Federal Data Center Consolidation: Agencies Await Guidance for Phase Two
Published: November 11, 2015
In the coming weeks, OMB is due to provide updated Federal Data Center Consolidation Initiative (FDCCI) guidance to agencies, which is meant to describe the second phase of the initiative and refresh and refocus the data center optimization strategy.
FDCCI was launched in 2010 to lower the energy and real estate footprint of government data centers; reduce the cost of data center hardware, software, and operations; shift IT investments to more efficient computing platforms; and increase the overall IT security posture of the government. The original initiative was to conclude at the end of FY 2015.
Since the launch of FDCCI, agencies have made a number of accomplishments, but progress has also been mixed.
Between February 2010 and May 2015, agencies closed nearly 1,700 data centers, but in order to meet the goal of closing 40% of non-core data centers, over 2,000 data centers still need to be closed. Additionally, FDCCI resulted in $2 billion in cost savings from FY 2011 to FY 2014 according to GAO. However, consistent cost savings and ROI are still elusive, with agencies using different methods and metrics to track and calculate. GAO believes planned savings and cost avoidance may actually be higher than reported by agencies.
FITARA requires agencies to provide updates regarding phase one of FDCCI in their quarterly Integrated Data Collection (IDC) submissions. Inclusion of data center consolidation and optimization efforts as part of an overall IT infrastructure strategy and the PortfolioStat process make data center projects more strategic, but also more difficult to track as separate initiatives.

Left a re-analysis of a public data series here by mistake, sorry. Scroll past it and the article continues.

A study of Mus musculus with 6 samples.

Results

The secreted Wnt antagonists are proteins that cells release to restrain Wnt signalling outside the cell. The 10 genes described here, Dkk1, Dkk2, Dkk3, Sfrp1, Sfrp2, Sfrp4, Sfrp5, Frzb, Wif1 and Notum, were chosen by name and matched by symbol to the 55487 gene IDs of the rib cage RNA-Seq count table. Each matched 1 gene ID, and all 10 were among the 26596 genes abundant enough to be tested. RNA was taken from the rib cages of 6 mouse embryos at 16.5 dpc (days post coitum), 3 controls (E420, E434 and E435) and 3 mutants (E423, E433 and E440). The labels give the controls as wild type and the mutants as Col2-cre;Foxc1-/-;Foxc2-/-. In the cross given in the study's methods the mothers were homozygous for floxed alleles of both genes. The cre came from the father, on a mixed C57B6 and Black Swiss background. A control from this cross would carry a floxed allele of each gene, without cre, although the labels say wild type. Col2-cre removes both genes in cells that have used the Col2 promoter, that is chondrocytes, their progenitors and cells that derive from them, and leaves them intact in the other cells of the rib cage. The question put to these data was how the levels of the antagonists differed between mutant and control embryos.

On the IT Dashboard, agencies have published data center optimization metrics against the 11 targets established by the FDCCI Task Force. The goal was to meet the targets by the end of FY 2015. Q1 FY 2015 data center metrics released on the dashboard revealed that as of that time none of the 20 agencies reporting metrics had achieved all of the targets. HUD and Education were ranked highest achieving four and five of the 11 metrics respectively.
Agencies still face data center consolidation challenges such as budget, culture, and technical issues which impede efforts at further consolidation and optimization. Contractors should expect a more thoughtful, deliberate and strategic approach to data center consolidation and optimization. In order to garner quick wins, many agencies closed or combined very small data centers, server rooms, and closets. Now agencies will be forced to focus on more complex decisions such as application rationalization, data management, storage, software-defined implementations, legacy system decisions, and automation. Agencies need contractors who can help them navigate these more complex decisions.